Awareness and advocacy are important when recognizing the struggles women face in the workplace.
Equality for women has come a long way, but according to a recent study by Georgetown University’s Center on Education and the Workforce titled “The College Payoff,” women haven’t come far enough.
The study reveals that women are earning less than their male counterparts even with an advanced degree. Women earn 25 percent less than men throughout their lifetime.
Dr. Siobhan King, a women’s studies professor and undergraduate advisor, told The Temple News [Amy Stansbury “Cracking the Glass Ceiling” Page 7] that there are many factors leading to unequal pay.
“Part of it is the educational system, in which women are socialized into the ‘feeling industry,’ which includes jobs such as preschool teachers and social workers. And these jobs of course, tend not to be as profitable as those in which men are socialized into,” King said. “[The need for feminism in the workplace is not over yet.]”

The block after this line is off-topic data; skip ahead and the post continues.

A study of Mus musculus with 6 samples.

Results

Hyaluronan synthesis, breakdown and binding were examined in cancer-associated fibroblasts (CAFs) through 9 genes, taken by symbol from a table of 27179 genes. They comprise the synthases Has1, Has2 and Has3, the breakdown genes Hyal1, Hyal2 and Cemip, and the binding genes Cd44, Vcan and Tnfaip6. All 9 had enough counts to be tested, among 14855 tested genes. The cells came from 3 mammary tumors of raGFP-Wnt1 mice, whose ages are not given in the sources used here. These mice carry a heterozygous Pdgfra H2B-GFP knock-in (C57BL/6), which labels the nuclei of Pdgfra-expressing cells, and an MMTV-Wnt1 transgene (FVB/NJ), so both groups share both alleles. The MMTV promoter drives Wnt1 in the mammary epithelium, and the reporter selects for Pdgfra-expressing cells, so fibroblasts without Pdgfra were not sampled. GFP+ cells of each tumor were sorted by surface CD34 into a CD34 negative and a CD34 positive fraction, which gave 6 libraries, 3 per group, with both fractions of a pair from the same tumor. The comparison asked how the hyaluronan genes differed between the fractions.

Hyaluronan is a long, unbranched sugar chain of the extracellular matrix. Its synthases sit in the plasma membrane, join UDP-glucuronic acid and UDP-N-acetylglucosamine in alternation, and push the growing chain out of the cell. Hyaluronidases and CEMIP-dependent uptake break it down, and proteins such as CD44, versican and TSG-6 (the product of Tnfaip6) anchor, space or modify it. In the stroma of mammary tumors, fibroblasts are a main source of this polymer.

As more and more women continue to graduate with advanced degrees, they must be aware of the challenges they face when entering the workforce. According to Lois P. Frankel, author of “Nice Girls Don’t Get the Corner Office 101,” this may mean “adopting and modifying more stereotypically masculine behaviors,” depending on what field they choose, especially if it is male dominated.
The key to solving this problem is not to become complacent. Until the glass ceiling is shattered, women must become aggressive to earn what they deserve. Now more than ever it is important to be aware of the social aspects that hold women back from higher paying, male-dominated jobs.
The Temple News always supports underrepresented populations, whether it be taking a stance for GLBT rights or addressing workplace violence, as we have in the past.
Awareness and advocacy is the key to solving inequalities that women face. To know that they exist is the first step to breaking them down through advocacy. Students should not hesitate to voice their opinions on topics they feel passionate about, and should reach out to resources to gather support.